Jul 30, 2012 10:03 PM
July 30, 2012 -- If you're at low risk for heart disease and don't have symptoms such as chest pains, you do not need a routine electrocardiogram (EKG or ECG), according to updated guidelines from the U.S. Preventive Services Task Force.
If you are at intermediate or high risk but don't have symptoms, there is not enough evidence to say one way or the other whether an EKG will help predict heart disease, says Joy Melnikow, MD, PhD, a member of the task force.
The updated recommendations focus on a specific group, Melnikow says. "This recommendation addresses people without any symptoms of heart disease who are coming to their doctor to find out what they need to do to be healthier."
The task force is an independent panel of experts that considers multiple sources of evidence and makes recommendations about preventive services and tests.
The task force focused on just the EKG, which checks for problems with the heart's electrical activity. It is often done to find the cause of symptoms such as chest pain. An EKG can be a resting EKG or an exercise EKG, also called a treadmill test.
The task force looked at evidence gathered since 2004. The updated EKG recommendations echo the previous ones.
Other organizations differ in their recommendations.
The task force guidelines are published in the Annals of Internal Medicine.
The panel asked one question, says Melnikow, professor of family and community medicine at the University of California, Davis. "Once [a person is] evaluated for other risk factors for heart disease -- such as smoking, high cholesterol, sedentary lifestyle, high blood pressure -- does it help to add a screening test with either a resting ECG or an exercise ECG?"
"Our answer is, the net benefit of that is zero or possibly slight harm in low-risk people," Melnikow says.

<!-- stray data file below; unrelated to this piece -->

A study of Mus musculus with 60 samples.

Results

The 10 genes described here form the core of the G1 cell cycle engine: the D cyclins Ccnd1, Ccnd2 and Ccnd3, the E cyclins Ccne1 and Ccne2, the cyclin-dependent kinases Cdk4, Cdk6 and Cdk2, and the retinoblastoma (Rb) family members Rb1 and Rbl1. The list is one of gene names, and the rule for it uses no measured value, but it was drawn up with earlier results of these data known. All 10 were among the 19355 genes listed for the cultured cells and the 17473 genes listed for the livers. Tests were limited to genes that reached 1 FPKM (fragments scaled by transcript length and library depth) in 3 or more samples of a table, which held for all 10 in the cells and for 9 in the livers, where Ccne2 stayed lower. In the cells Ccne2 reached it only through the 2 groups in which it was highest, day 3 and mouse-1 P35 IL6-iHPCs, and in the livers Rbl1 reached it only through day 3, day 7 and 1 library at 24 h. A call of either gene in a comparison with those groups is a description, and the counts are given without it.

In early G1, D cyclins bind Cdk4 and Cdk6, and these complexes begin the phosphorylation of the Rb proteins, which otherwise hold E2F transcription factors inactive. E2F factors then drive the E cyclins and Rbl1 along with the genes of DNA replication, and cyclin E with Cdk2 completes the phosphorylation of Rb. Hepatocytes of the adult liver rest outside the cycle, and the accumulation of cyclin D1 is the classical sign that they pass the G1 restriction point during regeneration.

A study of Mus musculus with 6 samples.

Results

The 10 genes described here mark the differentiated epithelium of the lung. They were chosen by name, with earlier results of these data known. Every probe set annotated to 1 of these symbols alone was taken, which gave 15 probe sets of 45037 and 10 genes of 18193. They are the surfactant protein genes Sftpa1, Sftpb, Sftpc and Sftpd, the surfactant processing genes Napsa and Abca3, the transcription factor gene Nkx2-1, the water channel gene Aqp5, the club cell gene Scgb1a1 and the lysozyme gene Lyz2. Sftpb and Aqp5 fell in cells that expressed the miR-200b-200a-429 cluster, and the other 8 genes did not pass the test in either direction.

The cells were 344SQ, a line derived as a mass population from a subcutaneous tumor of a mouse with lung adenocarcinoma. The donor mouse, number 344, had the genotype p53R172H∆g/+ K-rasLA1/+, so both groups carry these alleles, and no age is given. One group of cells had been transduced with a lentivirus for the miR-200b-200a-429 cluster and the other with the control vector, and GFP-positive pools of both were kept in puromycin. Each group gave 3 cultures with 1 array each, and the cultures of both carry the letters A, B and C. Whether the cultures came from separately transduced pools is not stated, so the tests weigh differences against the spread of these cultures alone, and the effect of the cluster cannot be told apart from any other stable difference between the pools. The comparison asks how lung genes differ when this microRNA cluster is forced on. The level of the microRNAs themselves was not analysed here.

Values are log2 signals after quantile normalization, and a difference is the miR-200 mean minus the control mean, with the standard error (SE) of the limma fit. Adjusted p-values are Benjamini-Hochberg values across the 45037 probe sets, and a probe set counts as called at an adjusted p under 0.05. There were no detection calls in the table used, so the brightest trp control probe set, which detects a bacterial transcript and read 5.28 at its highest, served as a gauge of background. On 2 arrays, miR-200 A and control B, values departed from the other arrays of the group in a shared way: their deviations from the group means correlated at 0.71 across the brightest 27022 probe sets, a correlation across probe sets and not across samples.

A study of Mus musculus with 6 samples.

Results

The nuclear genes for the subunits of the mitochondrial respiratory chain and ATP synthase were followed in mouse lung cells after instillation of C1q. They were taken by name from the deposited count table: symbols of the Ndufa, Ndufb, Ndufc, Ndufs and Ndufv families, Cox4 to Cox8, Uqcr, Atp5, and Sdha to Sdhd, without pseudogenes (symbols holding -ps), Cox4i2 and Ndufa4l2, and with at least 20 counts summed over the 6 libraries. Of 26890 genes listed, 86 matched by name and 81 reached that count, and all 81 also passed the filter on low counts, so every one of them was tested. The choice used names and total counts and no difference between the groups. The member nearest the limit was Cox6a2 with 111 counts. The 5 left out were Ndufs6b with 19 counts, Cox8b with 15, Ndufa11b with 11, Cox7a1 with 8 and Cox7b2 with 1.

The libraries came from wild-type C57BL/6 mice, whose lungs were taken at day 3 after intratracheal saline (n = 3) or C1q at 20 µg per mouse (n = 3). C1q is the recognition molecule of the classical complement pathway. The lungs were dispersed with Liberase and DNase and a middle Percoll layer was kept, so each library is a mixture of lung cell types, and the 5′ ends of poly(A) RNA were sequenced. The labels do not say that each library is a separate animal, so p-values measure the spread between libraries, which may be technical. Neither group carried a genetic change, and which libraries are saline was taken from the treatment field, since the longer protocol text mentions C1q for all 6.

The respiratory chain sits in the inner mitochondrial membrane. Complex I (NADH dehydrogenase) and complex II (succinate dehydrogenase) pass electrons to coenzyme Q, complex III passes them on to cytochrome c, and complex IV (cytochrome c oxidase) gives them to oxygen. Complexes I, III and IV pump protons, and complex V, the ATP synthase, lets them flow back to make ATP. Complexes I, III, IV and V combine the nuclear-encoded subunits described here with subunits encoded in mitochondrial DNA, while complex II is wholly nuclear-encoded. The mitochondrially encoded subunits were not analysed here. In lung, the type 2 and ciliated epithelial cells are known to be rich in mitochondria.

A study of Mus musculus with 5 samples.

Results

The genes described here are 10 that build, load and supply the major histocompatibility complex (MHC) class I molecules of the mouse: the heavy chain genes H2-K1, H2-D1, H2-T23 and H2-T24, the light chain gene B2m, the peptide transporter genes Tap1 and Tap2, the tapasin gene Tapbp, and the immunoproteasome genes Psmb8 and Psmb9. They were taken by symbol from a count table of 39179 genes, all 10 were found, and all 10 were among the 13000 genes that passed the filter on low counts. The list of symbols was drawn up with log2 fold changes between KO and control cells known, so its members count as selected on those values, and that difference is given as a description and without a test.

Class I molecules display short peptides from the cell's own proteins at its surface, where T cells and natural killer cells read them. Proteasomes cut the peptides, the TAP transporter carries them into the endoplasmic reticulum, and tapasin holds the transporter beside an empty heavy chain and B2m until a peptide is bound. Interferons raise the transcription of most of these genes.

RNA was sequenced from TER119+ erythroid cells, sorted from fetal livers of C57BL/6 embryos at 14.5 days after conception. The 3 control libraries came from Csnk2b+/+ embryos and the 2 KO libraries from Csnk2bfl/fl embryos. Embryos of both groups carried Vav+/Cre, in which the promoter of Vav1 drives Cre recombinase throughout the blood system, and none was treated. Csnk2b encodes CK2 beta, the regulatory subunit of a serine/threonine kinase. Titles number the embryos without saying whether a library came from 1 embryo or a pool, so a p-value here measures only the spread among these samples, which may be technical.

Among the possible harms are false-positive EKGs. Those could lead to unnecessary procedures such as angioplasty, she says.
For intermediate- and high-risk adults, the evidence was not sufficient to make a recommendation, the task force says.
Your doctor can estimate your risk by using your total cholesterol, HDL or "good" cholesterol, and blood pressure numbers along with information such as age, gender, and smoking history.
"You are at low risk if you have less than a 10% risk of heart attack or death from coronary heart disease in the next 10 years," Melnikow says.
Those with a 10% to 20% risk of heart disease in the next 10 years are at intermediate risk. A 10-year risk greater than 20% is high risk.
The task force considers evidence only. The recommendations provide doctors the best evidence for a test or service.
Doctors then use their clinical judgment when deciding which tests to do.
The panel doesn't consider cost. But for the record, costs vary. A resting EKG is about $50. In 2011, Medicare reimbursed $92 for a treadmill test.
The guidelines clarify that for a low-risk person without symptoms, getting an EKG doesn't add anything, says Ravi Dave, MD, attending cardiologist at UCLA Medical Center, Santa Monica.
He reviewed the updated guidelines for WebMD.
"For intermediate to high-risk, it leaves it up to doctors," he says.
"I think doctors [sometimes] do an EKG to avoid missing a major abnormality," Dave says. "What we can get from this study is, the evidence suggests there is no need to do a routine EKG on a low-risk person without symptoms."
Suzanne Steinbaum, DO, director of women and heart disease at Lenox Hill Hospital, New York, doesn't agree totally with the new EKG recommendations.
For those who are low risk and without symptoms of heart disease, she agrees that repeated EKGs done routinely over the years are not necessary.
However, she says, "I think everyone needs an EKG at some point in their life when they are healthy."
This EKG can then serve as a comparison later, if symptoms occur and an EKG is ordered, says Steinbaum.
The American Academy of Family Physicians does not recommend routine EKGs as part of a periodic health exam in adults without symptoms.
However, the American College of Cardiology Foundation and the American Heart Association state that a resting EKG is ''reasonable" to assess risk in an adult with no symptoms who has high blood pressure or diabetes.
It can be considered in others without symptoms who don't have diabetes or high blood pressure.
An exercise EKG could be considered in those at intermediate risk without symptoms, including those just beginning to exercise vigorously, according to the same guidelines.
Lifestyle changes can improve heart health, Melnikow says.
"We know very clearly people can lower their risk of heart disease by quitting smoking, lowering their cholesterol, lowering their blood pressure if it is high, and being physically active," she says.